I grew up on a steady diet of science fiction and fantasy. Everything from the Twilight Zone to Dark Shadows to Star Wars to P.C. Hodgell to Diane Duane was a part of my life. And in some ways it saved me from a less than stellar reality, so I sought it out at every turn. Dragons, spaceships, fairies, quests, wizards, aliens...what's not to love about flights of fancy? Except the more I read/watched, the more I started to notice a theme in who played what roles. All too often characters that were sidekicks, or wise nurturers, or villains were also the only characters of color. They weren't leads, or at least not leads that lived for long. Especially if they were darker skinned, in which case they might not get much (if any) character development. There would be all kinds of little details about everyone else, but you'd hear about their skin color, possibly some strange/mysterious/scary customs and that would be it. Most often they were there to be conquered, or saved, or educated by the “enlightened” white leads. People of color couldn't be heroic, wouldn't be heroic, because they were ignorant, or weak, or some other such plot device that made the story all about the white lead's journey.
Oh sure, the Magical Negro, Sassy Latina, Wise Indian, etc. might die to protect the lead characters, but those deaths were what they were there to do. Usually the story treated their demise like a blip in the real hero's life, or as an additional impetus for the protagonist to defeat the villain. Stories were framed around the idea that valuable people are white, and everyone knew it. Occasionally, the stories would focus on the idea that the oppressed brown/red/yellow people really needed the white lead to come in, learn their ways, & then use them to fight evil. For some inexplicable reason the characters of color doing the teaching were never strong enough to win their own freedom from oppression. Or there would be no characters of color at all. Stories set in cultures clearly based on Egypt, or India, or Asia, but somehow all the people in an equatorial climate on a planet with multiple suns were pale skinned with straight hair & light eyes. Hmm, there's something wrong with this picture...what could it be?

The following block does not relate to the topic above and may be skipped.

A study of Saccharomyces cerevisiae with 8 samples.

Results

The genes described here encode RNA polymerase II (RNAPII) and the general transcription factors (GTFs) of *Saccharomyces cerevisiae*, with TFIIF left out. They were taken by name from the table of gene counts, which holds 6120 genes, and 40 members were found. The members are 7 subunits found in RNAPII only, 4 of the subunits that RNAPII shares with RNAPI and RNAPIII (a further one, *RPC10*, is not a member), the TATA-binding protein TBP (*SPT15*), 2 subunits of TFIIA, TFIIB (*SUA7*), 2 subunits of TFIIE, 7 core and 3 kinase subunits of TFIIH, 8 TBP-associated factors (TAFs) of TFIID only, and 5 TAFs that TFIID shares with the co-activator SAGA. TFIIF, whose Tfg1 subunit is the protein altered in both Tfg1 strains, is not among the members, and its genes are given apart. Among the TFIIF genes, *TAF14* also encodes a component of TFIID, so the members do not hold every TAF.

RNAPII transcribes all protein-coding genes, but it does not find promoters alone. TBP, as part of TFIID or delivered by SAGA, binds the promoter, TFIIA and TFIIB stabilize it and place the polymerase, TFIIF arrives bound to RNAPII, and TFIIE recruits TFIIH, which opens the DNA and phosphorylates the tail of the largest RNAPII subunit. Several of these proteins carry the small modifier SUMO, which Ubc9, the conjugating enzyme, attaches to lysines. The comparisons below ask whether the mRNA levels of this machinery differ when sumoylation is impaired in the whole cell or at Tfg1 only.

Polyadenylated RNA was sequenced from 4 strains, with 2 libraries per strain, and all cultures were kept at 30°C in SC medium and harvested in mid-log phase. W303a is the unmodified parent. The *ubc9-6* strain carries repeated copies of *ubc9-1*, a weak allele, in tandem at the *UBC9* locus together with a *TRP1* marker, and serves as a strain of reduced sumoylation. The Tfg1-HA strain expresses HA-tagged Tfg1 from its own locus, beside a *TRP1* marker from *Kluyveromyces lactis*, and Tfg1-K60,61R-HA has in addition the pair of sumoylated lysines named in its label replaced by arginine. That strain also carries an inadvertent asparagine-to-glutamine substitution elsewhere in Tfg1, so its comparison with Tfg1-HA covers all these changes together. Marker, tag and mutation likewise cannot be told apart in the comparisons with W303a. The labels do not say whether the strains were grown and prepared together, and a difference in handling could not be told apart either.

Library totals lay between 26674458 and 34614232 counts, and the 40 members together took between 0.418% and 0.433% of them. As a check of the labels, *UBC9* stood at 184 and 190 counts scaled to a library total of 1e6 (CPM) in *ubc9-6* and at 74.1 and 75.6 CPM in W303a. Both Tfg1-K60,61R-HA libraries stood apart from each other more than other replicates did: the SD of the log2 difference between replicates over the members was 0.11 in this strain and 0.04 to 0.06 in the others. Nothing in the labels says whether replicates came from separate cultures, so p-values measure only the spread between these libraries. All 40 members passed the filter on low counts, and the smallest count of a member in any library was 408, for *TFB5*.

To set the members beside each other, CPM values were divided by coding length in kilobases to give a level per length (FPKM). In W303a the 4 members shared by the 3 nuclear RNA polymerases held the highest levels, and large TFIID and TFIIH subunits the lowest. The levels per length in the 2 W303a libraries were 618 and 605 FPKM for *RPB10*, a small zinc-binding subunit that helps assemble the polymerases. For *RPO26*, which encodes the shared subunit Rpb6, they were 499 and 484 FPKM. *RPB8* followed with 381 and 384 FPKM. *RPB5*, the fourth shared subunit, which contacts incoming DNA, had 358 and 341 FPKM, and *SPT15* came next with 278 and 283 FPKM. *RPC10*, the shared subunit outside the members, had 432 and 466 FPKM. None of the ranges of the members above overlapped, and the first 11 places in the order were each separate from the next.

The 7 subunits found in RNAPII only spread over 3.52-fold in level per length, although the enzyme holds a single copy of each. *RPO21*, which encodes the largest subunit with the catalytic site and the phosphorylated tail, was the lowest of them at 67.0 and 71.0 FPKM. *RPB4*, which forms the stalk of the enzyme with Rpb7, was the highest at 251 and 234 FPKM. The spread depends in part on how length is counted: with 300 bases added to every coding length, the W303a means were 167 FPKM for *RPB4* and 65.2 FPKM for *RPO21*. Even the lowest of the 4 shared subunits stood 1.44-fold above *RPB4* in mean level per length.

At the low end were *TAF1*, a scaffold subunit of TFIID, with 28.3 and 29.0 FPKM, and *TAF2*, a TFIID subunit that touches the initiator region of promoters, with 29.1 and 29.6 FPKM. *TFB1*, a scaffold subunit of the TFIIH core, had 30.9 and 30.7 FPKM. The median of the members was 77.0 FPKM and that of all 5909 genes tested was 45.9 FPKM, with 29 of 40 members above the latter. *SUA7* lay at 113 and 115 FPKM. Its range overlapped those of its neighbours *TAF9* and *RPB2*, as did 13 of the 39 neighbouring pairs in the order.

It is alternately frustrating & enraging to read fiction that erases you, or treats you as nothing more than a convenient plot device. And yet, I still love SF/F even when I find myself critiquing it regularly. Growing up, I wanted to see a future that included people who weren't white if only to know that we had a place in the future at all. SF/F is the genre that's about making our dreams real, or as real as possible. Well, what happens when you're erased from those dreams, or trapped in the same roles that already exist? When you're oppressed even in fiction what message does that send? And yes, it's easy to say that representation in fiction isn't important. That it's just a book, a movie, or a TV show. After all it's not like you have to read it, or watch it right? Right. Except, what happens when there's nothing for you to read or watch? At least not if you refuse to accept that your only options for representation in popular media are variations on maid, whore, pimp, thug, & invisible.
Granted things are better in my personal universe these days. In high school and college I found writers like Octavia Butler & Samuel Delaney, and it was amazing. I've had the great fortune of reading things written by people like N.K. Jemisin, Nnedi Okorafor, Andrea Hairston, Nalo Hopkinson, Nisi Shawl, etc. I've been able to introduce friends and family to their work. But, it's not enough to have a few writers you know you can count on. Among other things I'm a fast reader with a voracious appetite for new media, and options are a great and wonderful thing. Plus, there's the question of how the genre can evolve, when so much of it still focuses on the same imperialistic colonizing framework? We talk a lot about the craft of writing, but what about the politics? What about the impact? Race matters in our society. It is part of a problem that won't be solved by pretending not to see skin color, or ignoring history. We have to talk about it directly and indirectly, and that includes recognizing the importance for POC of being seen in the media as real people, and not just a collection of stereotypes.